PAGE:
Debbie gets captured by the Comanche (Situational Irony)
When the Comanche come to attack the Edwards' home, Martha urges Debbie to go hide by her grandmother's grave, for her own protection from the Native Americans. Ironically enough, as soon as Debbie goes outside to the grave, she is apprehended and kidnapped by the Comanche. Her mother's safety advice only puts her into more danger.
Futterman on the rock (Dramatic Irony)
As Marty begins to drift off to sleep next to a campfire at Futterman's trading post, Futterman appears on a rock nearby and begins shooting at what he thinks is Ethan's sleeping body. In this moment, two instances of dramatic irony are occurring. The viewer can see that Futterman is on the rock, while Marty cannot. Also, we know that what looks like Ethan's sleeping body is actually a pile of his bags and blankets.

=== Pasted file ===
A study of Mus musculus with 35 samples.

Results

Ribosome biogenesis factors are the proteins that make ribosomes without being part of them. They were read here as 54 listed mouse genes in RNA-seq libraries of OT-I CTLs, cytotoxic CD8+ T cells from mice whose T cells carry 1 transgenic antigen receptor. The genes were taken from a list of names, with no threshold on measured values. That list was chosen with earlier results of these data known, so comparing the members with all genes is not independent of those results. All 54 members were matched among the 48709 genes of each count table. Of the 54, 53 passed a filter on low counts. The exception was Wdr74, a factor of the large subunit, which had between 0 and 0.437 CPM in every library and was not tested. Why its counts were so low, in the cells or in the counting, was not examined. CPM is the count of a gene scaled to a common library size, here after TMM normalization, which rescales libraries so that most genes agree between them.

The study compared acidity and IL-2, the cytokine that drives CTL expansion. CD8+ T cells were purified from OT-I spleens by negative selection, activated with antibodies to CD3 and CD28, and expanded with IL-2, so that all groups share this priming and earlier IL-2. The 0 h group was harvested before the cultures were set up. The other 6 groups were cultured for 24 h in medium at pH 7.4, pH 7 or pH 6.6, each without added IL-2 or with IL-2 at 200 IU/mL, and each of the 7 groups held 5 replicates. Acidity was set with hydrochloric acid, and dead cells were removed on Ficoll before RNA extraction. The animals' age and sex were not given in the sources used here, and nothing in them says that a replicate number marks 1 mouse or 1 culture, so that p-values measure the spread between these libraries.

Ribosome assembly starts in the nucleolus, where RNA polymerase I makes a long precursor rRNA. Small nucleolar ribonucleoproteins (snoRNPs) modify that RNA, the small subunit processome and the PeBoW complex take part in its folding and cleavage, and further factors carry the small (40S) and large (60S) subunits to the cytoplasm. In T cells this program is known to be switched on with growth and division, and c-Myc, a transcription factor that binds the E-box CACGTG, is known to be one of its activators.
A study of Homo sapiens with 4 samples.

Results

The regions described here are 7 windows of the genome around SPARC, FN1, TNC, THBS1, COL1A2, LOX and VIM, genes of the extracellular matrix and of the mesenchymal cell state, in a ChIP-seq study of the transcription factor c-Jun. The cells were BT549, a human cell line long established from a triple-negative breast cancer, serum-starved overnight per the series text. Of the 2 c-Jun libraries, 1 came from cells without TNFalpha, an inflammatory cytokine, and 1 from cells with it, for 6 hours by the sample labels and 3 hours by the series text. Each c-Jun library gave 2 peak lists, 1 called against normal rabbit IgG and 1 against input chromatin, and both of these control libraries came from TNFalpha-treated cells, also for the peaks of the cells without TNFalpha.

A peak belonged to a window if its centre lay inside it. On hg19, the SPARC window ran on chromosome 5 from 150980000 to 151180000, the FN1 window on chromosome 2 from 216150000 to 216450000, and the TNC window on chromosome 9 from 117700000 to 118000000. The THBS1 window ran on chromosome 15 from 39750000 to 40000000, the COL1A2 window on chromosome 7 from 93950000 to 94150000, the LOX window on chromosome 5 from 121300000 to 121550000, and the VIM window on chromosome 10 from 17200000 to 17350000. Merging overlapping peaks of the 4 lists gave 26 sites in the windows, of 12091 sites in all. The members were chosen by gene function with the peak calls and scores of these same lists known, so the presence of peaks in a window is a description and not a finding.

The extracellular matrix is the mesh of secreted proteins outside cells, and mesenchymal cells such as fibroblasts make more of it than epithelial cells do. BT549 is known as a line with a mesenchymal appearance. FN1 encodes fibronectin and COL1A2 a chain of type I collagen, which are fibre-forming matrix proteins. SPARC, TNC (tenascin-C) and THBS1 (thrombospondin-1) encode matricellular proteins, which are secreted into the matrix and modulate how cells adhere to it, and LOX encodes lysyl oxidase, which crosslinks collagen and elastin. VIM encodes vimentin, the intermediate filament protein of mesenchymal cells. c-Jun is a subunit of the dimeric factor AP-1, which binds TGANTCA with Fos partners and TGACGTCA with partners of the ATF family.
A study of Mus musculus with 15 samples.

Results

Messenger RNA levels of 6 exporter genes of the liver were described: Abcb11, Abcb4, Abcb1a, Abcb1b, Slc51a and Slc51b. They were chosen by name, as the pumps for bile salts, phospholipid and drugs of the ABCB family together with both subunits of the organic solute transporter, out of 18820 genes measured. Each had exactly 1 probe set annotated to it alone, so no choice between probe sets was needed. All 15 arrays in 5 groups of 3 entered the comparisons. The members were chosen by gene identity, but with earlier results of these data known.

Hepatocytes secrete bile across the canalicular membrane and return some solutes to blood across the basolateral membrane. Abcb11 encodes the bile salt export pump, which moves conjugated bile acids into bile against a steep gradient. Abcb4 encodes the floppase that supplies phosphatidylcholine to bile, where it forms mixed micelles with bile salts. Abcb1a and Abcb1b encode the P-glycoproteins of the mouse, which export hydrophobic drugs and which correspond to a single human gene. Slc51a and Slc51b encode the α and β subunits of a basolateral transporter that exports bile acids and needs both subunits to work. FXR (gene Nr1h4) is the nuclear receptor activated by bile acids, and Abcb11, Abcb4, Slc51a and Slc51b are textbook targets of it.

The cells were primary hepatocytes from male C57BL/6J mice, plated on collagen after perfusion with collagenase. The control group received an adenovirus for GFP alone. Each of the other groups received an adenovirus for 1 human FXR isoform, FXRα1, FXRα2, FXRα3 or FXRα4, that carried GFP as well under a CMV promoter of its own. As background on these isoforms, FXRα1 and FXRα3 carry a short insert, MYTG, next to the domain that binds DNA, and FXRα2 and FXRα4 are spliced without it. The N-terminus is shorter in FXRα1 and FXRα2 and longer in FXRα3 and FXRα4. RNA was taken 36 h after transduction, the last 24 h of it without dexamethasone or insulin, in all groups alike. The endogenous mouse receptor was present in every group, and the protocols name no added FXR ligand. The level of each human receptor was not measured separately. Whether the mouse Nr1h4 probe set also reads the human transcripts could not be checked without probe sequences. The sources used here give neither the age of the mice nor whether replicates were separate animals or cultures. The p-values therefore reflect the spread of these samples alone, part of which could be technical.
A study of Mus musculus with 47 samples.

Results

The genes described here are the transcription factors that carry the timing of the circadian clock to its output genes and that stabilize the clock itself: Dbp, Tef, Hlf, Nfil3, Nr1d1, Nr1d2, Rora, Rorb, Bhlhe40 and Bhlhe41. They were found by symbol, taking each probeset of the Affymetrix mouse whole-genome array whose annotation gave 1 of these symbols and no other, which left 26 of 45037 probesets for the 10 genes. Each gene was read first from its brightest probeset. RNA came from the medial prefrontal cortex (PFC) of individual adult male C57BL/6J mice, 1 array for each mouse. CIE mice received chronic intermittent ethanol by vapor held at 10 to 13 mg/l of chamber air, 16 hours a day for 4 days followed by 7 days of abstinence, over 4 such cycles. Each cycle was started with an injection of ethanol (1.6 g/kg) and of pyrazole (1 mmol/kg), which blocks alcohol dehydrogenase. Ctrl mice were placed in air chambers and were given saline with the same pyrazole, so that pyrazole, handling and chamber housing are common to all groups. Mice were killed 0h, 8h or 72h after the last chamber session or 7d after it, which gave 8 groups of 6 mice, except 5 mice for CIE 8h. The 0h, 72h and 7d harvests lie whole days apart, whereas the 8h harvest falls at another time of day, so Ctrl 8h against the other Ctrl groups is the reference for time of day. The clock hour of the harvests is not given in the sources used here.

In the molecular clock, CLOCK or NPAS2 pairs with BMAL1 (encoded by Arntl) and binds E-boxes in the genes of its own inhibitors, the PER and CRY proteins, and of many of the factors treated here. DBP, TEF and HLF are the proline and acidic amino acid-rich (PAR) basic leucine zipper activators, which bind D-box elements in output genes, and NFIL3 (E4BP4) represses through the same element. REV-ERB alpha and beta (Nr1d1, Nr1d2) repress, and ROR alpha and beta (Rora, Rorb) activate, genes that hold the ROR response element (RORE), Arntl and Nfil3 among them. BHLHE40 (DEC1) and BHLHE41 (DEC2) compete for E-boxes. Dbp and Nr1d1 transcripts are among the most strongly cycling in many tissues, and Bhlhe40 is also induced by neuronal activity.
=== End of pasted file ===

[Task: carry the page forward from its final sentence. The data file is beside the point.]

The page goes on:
Debbie wants to stay with the Comanche (Situational Irony)
The entire plot of the film revolves around Marty and Ethan tracking down Debbie and bringing her back to white civilization. Ironically enough, after years of living among the Comanche, Debbie does not want to return to the white world, preferring to continue to live as one of Scar's wives. The entire conflict of the plot is undermined not by the actions of the Comanche, but by Debbie's decision to stay.
You Don't Suppose They're Throwing a Party for Us (Dramatic Irony)
When Marty and Ethan arrive back at the Jorgensens', they hear a group of people having a party inside, and Marty wonders if they are throwing it for them. In reality, as the audience knows, they are having a wedding for Laurie—the last thing that Marty would want to celebrate. Marty has no idea and thinks that maybe they are exciting about his homecoming.
The Searchers Questions and Answers
The Question and Answer section for The Searchers is a great
resource to ask questions, find answers, and discuss the novel.